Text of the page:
The Stablization Challenge

Oil prices hit their lowest level since 2020
Global storage could be full by June
Oil and gas companies are gushing red ink
The Energy Report

The Energy Report


The Phil Flynn Energy Report 

Stunning Demand Destruction

Stabilization in the petroleum sector is harder when you see the extent of demand destruction in black and white. Oil prices were trying to stand tall even after the American Petroleum Institute Report (API) reported that U.S. crude supply increased by 13.143 million barrels last week. One reason is that the API said the U.S. gasoline supply increased by a less than expected 2.226 million barrels. Refiners have dramatically cut back the production of gasoline, which could create a tight market if and when we are allowed to leave our houses.

Yet that tepid rally was stopped in its tracks, and oil prices hit the lowest level since 2002 when the IEA reported that global oil demand would fall by 9.3 million barrels per day (BPD) in 2020. That is a number they say has wiped out almost a decade worth of oil demand growth. In April alone, they are saying that global oil demand has fallen by an unprecedented 29 million BPD. That is another reason why the API showed 5.361 million barrels increase in distillate supply. The IEA also made an ominous prediction about global oil storage, warning that global storage will be full by June even with the OPEC+ cuts that were the most significant production reduction promise in history.

The front end of the oil curve is most at risk. Reports that Saudi Arabia is going to pump its 12 million BPD until the oil cut officially begins on May 1. Saudi energy minister Prince Abdulaziz reportedly said that, "We were looking to escalate production and drastically cut export prices where necessary, to create a financial buffer for our economy." So while the Saudis have agreed to a significant production cut, they still seem to be in fighting mode when it comes to protecting its market share. The Saudis said yesterday that U.S. shale was not a target in its oil production war; the reality is that the U.S. shale has taken a significant hit.

The price crash has led to a major production pullback in the Permian basin and other formations. It's changing the way that the shale industry thinks about independence in oil production. Reuters reported that, "Texas energy regulators listened as top executives on Tuesday debated whether the state should cut oil output by 1 million BPD, but did not indicate how they might vote after more than 10 hours of sometimes dire testimony. Oil and gas companies are gushing red ink and cutting tens of thousands of workers as oil prices tumble. While the federal government has little power to influence oil production, many state regulators like the Texas Railroad Commission have powers that can include limiting output across the state.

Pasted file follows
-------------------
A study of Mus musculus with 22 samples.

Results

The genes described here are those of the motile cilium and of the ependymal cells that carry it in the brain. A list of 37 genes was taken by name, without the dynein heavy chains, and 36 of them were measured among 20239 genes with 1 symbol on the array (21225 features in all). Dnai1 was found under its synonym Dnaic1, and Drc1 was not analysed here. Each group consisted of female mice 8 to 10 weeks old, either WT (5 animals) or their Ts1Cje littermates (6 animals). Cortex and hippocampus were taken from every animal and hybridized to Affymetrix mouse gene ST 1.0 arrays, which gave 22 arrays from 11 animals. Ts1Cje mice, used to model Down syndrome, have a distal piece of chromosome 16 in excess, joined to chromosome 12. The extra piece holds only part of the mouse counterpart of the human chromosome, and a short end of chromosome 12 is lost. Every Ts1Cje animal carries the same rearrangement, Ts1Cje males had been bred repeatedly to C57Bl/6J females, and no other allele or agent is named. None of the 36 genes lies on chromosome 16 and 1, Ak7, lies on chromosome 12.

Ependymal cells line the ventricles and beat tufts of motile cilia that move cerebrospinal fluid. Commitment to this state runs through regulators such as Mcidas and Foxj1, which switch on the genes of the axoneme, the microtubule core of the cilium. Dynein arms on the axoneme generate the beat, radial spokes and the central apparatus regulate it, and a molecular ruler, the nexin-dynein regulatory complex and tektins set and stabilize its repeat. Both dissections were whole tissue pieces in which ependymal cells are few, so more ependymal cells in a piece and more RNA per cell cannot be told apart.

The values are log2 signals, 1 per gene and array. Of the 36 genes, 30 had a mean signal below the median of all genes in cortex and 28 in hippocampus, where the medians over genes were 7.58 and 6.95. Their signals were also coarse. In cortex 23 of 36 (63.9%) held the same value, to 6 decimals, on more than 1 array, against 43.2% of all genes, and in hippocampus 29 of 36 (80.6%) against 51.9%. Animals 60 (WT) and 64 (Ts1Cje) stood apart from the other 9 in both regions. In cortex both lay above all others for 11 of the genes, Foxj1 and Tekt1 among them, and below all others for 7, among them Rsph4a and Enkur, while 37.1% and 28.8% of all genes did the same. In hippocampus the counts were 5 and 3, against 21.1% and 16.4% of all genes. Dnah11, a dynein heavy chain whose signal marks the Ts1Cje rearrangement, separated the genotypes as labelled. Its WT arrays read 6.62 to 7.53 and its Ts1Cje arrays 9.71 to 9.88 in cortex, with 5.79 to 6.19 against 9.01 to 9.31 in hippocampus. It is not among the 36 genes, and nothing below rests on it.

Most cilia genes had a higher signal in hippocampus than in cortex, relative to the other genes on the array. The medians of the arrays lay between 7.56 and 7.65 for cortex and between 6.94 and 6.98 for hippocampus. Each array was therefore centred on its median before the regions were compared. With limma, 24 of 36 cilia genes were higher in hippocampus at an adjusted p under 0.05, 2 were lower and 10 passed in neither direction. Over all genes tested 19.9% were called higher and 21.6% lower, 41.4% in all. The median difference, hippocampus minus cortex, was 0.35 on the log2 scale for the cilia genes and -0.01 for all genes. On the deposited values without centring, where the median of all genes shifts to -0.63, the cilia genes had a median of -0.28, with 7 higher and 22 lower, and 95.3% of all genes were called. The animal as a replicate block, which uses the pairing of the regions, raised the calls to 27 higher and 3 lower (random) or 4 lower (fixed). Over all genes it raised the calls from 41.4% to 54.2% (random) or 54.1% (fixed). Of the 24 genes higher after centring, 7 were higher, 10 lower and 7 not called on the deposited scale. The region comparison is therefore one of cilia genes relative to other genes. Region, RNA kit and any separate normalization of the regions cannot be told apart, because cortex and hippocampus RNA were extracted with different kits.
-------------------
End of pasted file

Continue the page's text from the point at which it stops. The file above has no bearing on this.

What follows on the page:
The hearing, based on a request by executives from shale producers Pioneer Natural Resources and Parsley Energy, ignited a debate between those who favor free markets and those who worry that without intervention, small producers could get shut out of oil sales as storage fills next month. Some firms have already started closing wells, several executives said. The industry is facing a historic economic collapse with $3 per barrel to $10 per barrel oil in the coming weeks, and Pioneer Chief Executive Scott Sheffield warned commissioners on Tuesday. "Demand is not going to come roaring back," he said. Kirk Edwards, president of small producer Latigo Petroleum, argued uniform cuts could help thousands of firms like his continue to sell some of their oil production.

Producers have reduced spending as much as 50%, and output has started falling already, said Lee Tillman, CEO of Marathon Oil Corp, who opposed state-mandated cuts, arguing the market is taking care of the glut. The commissioners are expected to vote on the oil companies' motion on April 21. According to Reuters. Diamondback CEO said that Chief Financial Officer Kaes Van Hof noted the company already is in the process of shutting down 30% of its drilling and would take it to zero if the state clamps down on production.

So energy is trying to balance historic demand destruction versus what will eventually be the most significant drop in global oil production ever. Some of the cuts are by design, and some will be forced out due to the low price. In the big picture, if demand comes back faster than expected, we could see a significant price rally late in the year. If not, it looks bleak, yet the market will adjust.

We could see some exciting moves and trades. The front versus the back end spreads are all the rage. Options are also a way to play it. Today we will also get the EIA Weekly Petroleum Status Report, not to mention a lot of economic data.

Natural gas is also a spreader's dream. Andrew Weissman of EBW Analytics Group say that, “In the immediate term. A third consecutive bearish EIA Weekly Storage Report could send natural gas prices to retest recent lows. Record-cold temperatures, however, are boosting weather-driven spot demand to hide the extent of demand losses. Amid significant uncertainty, the injection season outlook tilts bearish for natural gas as severe demand losses could put storage on a trajectory to breach capacity limits. Anticipated supply shortfalls for winter 2020-21, however, may lead winter natural gas contracts higher—possibly allowing arbitrage transactions to support the front of the NYMEX forward curve until late summer or fall."


Senior energy analyst at The PRICE Futures Group and a Fox Business Network contributor.